Chief executives from many of the world's leading technology companies today urged governments to allow electronic commerce to flourish without trying to regulate the Internet.

The executives, working in a group called the Global Business Dialogue on Electronic Commerce, urged a continued moratorium on Internet taxes, the end of restrictions on security exports, the adoption of a "seal of approval" for sites that protect consumer privacy, and third-party arbitration of e-commerce disputes.

The business group presented its findings to more than 100 government officials, including U.S. Commerce Secretary William Daley, who said the group is a council "to be listened to."

"When you take the number of companies involved there," Daley said in an interview, "you're really talking about an International Chamber of E-Commerce," noting that there is no equivalent global government organization for Internet issues.

Over the next year, the Global Business Dialogue on Electronic Commerce plans to continue lobbying government, solicit the views of smaller Internet commerce companies and consumer organizations, and work to get its principles adopted by the industry.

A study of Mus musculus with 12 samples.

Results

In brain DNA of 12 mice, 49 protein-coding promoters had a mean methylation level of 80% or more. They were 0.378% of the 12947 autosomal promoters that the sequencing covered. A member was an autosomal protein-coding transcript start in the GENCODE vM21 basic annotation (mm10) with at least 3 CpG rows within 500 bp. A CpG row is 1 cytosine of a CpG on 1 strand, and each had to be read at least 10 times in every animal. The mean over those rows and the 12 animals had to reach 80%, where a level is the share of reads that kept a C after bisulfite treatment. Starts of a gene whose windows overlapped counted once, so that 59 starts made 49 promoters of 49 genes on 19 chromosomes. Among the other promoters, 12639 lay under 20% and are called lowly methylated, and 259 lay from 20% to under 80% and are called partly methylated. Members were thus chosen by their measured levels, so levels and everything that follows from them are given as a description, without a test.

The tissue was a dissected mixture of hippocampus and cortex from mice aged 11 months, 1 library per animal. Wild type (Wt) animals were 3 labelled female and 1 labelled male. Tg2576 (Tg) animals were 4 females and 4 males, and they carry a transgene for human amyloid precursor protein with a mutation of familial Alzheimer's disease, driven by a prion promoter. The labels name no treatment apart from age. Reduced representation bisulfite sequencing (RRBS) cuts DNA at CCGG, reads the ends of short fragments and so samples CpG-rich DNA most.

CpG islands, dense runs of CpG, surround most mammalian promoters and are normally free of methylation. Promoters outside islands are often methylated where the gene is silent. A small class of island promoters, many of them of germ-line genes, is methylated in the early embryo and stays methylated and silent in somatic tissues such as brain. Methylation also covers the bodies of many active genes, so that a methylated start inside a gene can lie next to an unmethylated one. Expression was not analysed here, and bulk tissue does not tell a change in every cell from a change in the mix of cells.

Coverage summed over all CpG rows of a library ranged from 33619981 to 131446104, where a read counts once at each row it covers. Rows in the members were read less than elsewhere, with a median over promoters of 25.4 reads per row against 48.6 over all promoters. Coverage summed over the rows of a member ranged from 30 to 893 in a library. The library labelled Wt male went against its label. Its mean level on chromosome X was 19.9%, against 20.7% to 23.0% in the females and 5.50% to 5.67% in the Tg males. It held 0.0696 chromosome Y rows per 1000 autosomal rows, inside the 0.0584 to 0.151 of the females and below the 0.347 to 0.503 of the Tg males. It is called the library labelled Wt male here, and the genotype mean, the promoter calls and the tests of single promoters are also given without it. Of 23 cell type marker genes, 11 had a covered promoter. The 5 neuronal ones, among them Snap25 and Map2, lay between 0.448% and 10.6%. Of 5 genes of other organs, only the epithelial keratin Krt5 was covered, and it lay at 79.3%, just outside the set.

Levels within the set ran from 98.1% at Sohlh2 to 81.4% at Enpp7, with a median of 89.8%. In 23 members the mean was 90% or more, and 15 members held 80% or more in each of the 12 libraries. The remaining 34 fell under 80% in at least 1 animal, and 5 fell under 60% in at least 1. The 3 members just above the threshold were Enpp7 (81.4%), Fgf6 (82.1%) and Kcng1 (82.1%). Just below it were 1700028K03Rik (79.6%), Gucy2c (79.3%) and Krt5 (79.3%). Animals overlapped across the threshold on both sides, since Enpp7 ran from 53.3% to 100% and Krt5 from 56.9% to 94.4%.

"It's time for companies to unite and work with governments," said Steve Case, chairman of America Online Inc., who will share chairmanship of the group with Gerald Levin, chairman of Time Warner Inc., over the next 12 months.

Although their recommendations, issued after eight months of meetings, represented wide consensus among such diverse Internet players as Time Warner Inc. of the United States, Vivendi SA of France and NTT Mobile Communications Network Inc. of Japan, some of them conflict with plans emerging from Europe and some Asian countries.

In those places, governments more often believe that regulation and state involvement will help develop the Internet rationally and protect consumers from fraud and other hazards of such a fast-paced business environment. Instead, the global business group largely took the stance of the United States, which in the areas of taxation, privacy and commerce has left it largely up to the market to police itself. The United States and the European Union are currently at a standstill, for example, over opposing directives on protecting the privacy of individuals on the World Wide Web.

In presenting the group's principles, Thomas Middelhoff, chairman of Bertelsmann AG and the current chairman of the group, said that even when established with good intentions, regulations can't do justice to the revolutionary speed and spirit of the Internet.

Levin said the global computer network is a powerful tool that can not only create new wealth but also improve society and standards of living. "It can't happen if the digital realm is choked in an entanglement of local regulation," he added.